I am ashamed to admit that today I referred to myself in casual conversation as being Anglo Saxon. This slip is probably attributable to my tendency to parrot whatever I hear around me (until it comes to compound vowel sounds requiring a deep pout for authentic reproduction, such as those to be found lurking within fauteuil, when my talents as a mimic desert me entirely) but I find it inexcusable nonetheless. I don’t identify particularly brashly as britannique or anglaise but, if cornered on the subject, this is how I would choose to describe my nationality. The Anglo Saxons, on the other hand, were historic peoples that I learnt about in school and as context to the Yorvik Viking Museum. They were, I believe, present in what we now call England between the fifth and eleventh centuries and hailed from what we would describe as Germany and Denmark. As far as I know they were comprehensively defeated by William the Conqueror in 1066. On this basis they are undoubtedly my ancestors but, particularly when you take into account my diminutive stature, I would imagine that some other peoples have had a role in my genetic composition since then.
To many French people that I meet, however, I am unquestionably an Anglo Saxon. At first I found this breathtakingly insulting (try calling someone from Lyon a Norman and you will get the picture) but, as I acclimatised, I began to shrug the label off with greater ease, and to listen with interest for what it signified.
The first thing I noticed is that I am definitely not alone in being Anglo Saxon. Nor am I simply being classed with other Brits. Oh no, I am being lumped in with half the world: the US, Australia, New Zealand, the anglophone parts of Canada, and sometimes Germany, the Netherlands, Denmark, Sweden, Norway and South Africa, are all being thrown into the mix with us Brits. These are all great nations with which I am often proud to be associated, whether or not they are proud of their association to me, but the point is that they are really quite different from England, which is in turn different from either the UK or Great Britain. To link them together in even the most sweeping of generalisations would offend the majority of this cacophonous bunch on each occasion, and is therefore, I humbly suggest, a task best left alone. I find it particularly obnoxious to be generalised in such a broad fashion by people from a country which distinguishes so pedantically between people from different villages, let alone régions or départements. How can a nation insist on the particularity of a blanquette de Limoux as opposed to a cremant de Bourgogne when it will so contemptuously equate cheddar with Monteray Jack?
There are so many examples of the casual lumping together of cultural identities that it is difficult to select which ones to single out here. Picking out the most recent, one person observed that my eldest daughter had a thoroughly typical Anglo Saxon complexion (blonde hair, blue eyes, yawn) though subsequently another person was more struck by how atypical of Anglo Saxons she was in stature (presumably this person was looking through my husband and I, stumps that we are, to the lofty great Anglo Saxon masses beyond, possibly as far away as in the US). Apparently my desire to strike up cheerful one-way conversations with people looking as if they have just swallowed a wasp is Anglo Saxon, as is every cake that I have ever baked here in France, even the yoghurt cake, baked faithfully to an authentic French recipe and without any giveaway Anglo Saxon icing. At a particularly low-point in my recent Anglo Saxon past I once took some Anglo Saxon scones to a sort of French pot-luck supper, and I still do not know what anyone made of them because they were loudly avoided.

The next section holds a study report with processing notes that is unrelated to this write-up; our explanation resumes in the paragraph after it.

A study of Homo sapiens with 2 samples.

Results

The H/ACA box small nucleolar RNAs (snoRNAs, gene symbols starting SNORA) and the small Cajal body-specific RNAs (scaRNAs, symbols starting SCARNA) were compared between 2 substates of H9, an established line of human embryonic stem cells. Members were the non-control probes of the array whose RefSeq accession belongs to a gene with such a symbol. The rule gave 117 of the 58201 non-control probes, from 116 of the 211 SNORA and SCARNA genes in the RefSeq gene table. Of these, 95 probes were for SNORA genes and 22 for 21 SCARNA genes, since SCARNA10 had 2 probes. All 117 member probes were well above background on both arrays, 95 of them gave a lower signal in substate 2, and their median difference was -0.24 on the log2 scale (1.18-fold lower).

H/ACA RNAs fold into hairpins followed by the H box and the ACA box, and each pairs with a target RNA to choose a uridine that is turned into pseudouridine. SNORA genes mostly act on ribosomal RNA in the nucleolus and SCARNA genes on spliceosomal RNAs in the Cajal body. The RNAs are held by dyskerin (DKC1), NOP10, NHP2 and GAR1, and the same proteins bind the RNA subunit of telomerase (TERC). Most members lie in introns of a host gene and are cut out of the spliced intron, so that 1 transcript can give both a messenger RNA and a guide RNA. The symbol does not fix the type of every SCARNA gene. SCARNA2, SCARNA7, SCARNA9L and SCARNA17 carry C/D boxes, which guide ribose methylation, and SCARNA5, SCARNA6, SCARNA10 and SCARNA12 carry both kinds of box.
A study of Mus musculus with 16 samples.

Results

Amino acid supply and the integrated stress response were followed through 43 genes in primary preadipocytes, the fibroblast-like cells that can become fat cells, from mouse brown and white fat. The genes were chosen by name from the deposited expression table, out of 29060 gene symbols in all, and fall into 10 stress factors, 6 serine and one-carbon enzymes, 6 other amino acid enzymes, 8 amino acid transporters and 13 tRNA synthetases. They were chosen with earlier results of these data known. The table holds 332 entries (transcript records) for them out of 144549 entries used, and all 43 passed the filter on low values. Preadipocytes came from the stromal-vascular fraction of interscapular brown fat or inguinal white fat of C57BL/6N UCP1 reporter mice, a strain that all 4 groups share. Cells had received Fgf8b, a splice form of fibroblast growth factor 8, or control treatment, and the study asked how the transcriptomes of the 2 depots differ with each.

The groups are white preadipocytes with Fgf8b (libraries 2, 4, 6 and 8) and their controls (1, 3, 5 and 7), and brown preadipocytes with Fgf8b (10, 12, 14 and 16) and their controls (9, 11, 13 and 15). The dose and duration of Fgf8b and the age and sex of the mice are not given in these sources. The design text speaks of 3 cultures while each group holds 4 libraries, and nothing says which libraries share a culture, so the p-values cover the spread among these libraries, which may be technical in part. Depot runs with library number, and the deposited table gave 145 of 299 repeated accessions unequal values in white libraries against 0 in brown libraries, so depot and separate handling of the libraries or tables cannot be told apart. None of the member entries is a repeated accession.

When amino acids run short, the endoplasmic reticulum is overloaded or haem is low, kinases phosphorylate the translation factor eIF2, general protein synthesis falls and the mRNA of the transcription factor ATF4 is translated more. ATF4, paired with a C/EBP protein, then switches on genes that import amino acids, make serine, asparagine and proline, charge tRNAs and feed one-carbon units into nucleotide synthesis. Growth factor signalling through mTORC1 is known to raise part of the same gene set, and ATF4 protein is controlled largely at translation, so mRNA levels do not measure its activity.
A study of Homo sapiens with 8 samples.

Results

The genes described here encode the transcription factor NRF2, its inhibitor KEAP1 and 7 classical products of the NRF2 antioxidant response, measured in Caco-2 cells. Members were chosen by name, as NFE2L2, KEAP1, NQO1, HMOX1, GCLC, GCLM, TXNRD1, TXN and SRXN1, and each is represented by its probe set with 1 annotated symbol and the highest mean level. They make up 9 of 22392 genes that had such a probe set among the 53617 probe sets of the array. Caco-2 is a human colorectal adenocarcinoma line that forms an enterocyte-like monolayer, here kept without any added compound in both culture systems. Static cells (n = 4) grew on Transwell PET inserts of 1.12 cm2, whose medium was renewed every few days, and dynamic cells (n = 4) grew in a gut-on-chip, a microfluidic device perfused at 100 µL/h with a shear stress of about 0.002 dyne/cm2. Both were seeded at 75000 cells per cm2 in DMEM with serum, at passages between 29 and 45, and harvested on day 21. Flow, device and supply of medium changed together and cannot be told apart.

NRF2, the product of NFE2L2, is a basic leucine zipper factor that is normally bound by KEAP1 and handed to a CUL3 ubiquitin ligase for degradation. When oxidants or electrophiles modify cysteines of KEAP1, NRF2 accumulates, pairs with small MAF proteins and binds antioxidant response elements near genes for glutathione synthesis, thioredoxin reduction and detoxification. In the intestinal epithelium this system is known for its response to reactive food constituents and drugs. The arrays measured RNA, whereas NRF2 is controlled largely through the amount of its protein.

You don’t need to take my word for it, either. A quick internet search will pull up entire lists describing bizarre Anglo Saxon behaviours, which shamelessly muddle various national predilections: flip-flop wearing, for example, which if forced, I would pin on the antipodeans, is included in the same lists as baseball cap-wearing (this belongs, if anywhere in particular, to the US) and leaving your towel on your sun-lounger first thing in the morning (Germany). I do not criticise any of these national habits, stereotyped as they are, but merely wish to point out that most of them would not be generally true of me, or of any of my fellow Brits, even if we hammed ourselves up for comic effect.
With the exception of anglophiles, such as the delightful owner of Little Britain in Lyon, and my French friends, who are evidently all deeply enlightened people, when French people use the term Anglo Saxon, they are frequently being derogatory. Anglo Saxon schooling, for example, does not spend enough time on the basics, but instead wastes time on self-expression and teaching children to stare mindlessly at electronic screens. As for Anglo Saxon healthcare, well, we Anglo Saxons leave our elderly, infirm and impoverished to languish in our gutters. We don’t believe in free healthcare and that which we do provide is deeply substandard. When lectured on this subject at some length, I have been able to make an educated guess about the nations with which my own country is being confounded but, as a citizen of a country proud enough of its national healthcare system to feature it in its Olympic opening ceremony, that does little to assuage my fury…
Phew. After that rant, I will need to retire to my straw hut with my husband, Eadred the Bald, and, after he has burnt some cakes, I may take my latest manuscript-turner, the Nowell Codex, to bed with me.